The Miracle of Watching My Brother Run
Lung transplant is a major topic for families of people with cystic fibrosis. In a recent column, I talked about what it was like when my brother, Bradley, spent several weeks in the ICU. The result of that stay turned out to be that he needed a double-lung transplant.
This happened very quickly. Before the ICU, we had celebrated Brad’s birthday on a boat. We knew he would be checked into the hospital in a few days for a “tuneup,” a routine hospitalization to dampen infections. But none of us imagined that in the weeks to come he would come close to death due to septic shock, and that a few short months after that, he would have new lungs.
In January 2017, Bradley got those lungs. He had relocated with my parents from Hawaii to San Francisco, to wait for his lung transplant call. I had recently moved to Colorado, but was visiting my best friend in Chicago. It was the end of my trip, and I was set to fly home early the next morning.
I remember tossing and turning on my friend’s couch as I tried to sleep that night. At some point in the middle of the night, my phone rang. It was my mom telling me that they had gotten the call for lungs and were on their way to the University of California, San Francisco to check in for surgery.
Strangely, I didn’t feel excited like I had imagined I would. Instead, I felt immediate dread. We had just spent weeks in the ICU six months before that, and I was terrified the surgery would go awry and we’d have a repeat of that experience.
I was wrong, though.
I flew to San Francisco the next day to be with my family. I was able to watch Bradley wake up after surgery and see him take his first steps after transplant. I’d taken off work for a few days, but I didn’t get to see him leave the hospital. What I will never forget, though, is seeing him run for the first time.
He and his girlfriend had flown to New Mexico for a church camp, and I decided to drive down to pick him up and spend some time with them before they flew home. It was my first time seeing him since he had been in the hospital for the transplant.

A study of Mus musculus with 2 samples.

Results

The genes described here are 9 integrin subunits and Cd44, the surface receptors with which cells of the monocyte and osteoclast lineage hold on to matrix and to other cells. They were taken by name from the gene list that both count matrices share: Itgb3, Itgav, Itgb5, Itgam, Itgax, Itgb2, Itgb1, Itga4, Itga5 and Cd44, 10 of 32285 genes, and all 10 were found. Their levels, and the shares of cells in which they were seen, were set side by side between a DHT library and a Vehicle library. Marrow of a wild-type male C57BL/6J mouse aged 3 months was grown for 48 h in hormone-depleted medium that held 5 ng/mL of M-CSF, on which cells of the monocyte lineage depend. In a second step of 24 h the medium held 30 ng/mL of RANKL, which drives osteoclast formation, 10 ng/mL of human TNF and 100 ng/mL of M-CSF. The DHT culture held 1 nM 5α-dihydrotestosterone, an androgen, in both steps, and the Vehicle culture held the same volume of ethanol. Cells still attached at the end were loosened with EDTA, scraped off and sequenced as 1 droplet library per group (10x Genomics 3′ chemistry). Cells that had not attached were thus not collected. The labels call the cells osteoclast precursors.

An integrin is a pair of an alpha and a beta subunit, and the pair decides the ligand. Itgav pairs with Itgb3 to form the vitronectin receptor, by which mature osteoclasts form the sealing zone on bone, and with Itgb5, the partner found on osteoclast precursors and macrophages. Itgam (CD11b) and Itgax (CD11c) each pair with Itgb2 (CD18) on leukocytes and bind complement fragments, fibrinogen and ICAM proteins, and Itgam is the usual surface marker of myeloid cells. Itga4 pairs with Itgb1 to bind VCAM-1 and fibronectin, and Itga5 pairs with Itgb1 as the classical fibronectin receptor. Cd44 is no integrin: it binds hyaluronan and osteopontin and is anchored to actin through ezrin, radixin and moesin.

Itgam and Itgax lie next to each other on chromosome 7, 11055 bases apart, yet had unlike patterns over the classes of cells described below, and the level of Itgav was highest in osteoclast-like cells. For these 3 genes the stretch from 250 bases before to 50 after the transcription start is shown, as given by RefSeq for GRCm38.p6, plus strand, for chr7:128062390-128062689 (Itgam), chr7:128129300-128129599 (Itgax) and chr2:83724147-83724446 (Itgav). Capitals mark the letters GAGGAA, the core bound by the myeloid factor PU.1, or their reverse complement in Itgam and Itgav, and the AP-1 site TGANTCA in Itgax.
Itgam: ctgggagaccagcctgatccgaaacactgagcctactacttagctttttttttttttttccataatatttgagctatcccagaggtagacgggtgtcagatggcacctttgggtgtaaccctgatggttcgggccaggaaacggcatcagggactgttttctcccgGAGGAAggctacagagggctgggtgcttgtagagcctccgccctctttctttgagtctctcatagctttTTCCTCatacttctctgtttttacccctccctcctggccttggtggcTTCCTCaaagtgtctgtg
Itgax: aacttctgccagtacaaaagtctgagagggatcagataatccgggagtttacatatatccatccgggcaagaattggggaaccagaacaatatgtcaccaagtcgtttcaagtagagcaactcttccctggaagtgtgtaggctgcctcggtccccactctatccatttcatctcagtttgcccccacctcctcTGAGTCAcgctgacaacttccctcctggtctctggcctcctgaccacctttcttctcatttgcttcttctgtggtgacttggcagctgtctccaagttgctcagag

My brother has never been very athletic. Cystic fibrosis is a lung disease, so he had a valid excuse, but he also didn’t like being outside much. He always said he didn’t understand why people got so excited about sunsets and “views.” He would stay in the car and read while my parents went to the beach or on hikes. I don’t remember seeing him run since he was a little kid playing soccer.
On that day, he was different. We’d parked at a rest stop on the way back to Denver. It was a little bit of a walk to get to the restrooms from the parking lot. As we were walking back to my car, he yelled to his girlfriend, “Race you!” and they took off sprinting.
I stood in shock for a moment. To me, it was a miracle just seeing him move that quickly. Then, I just watched them, feeling the happiest I had felt since before the ICU, maybe the happiest I had felt in years.
Note: Cystic Fibrosis News Today is strictly a news and information website about the disease. It does not provide medical advice, diagnosis, or treatment. This content is not intended to be a substitute for professional medical advice, diagnosis, or treatment. Always seek the advice of your physician or other qualified health provider with any questions you may have regarding a medical condition. Never disregard professional medical advice or delay in seeking it because of something you have read on this website. The opinions expressed in this column are not those of Cystic Fibrosis News Today, or its parent company, BioNews, and are intended to spark discussion about issues pertaining to cystic fibrosis.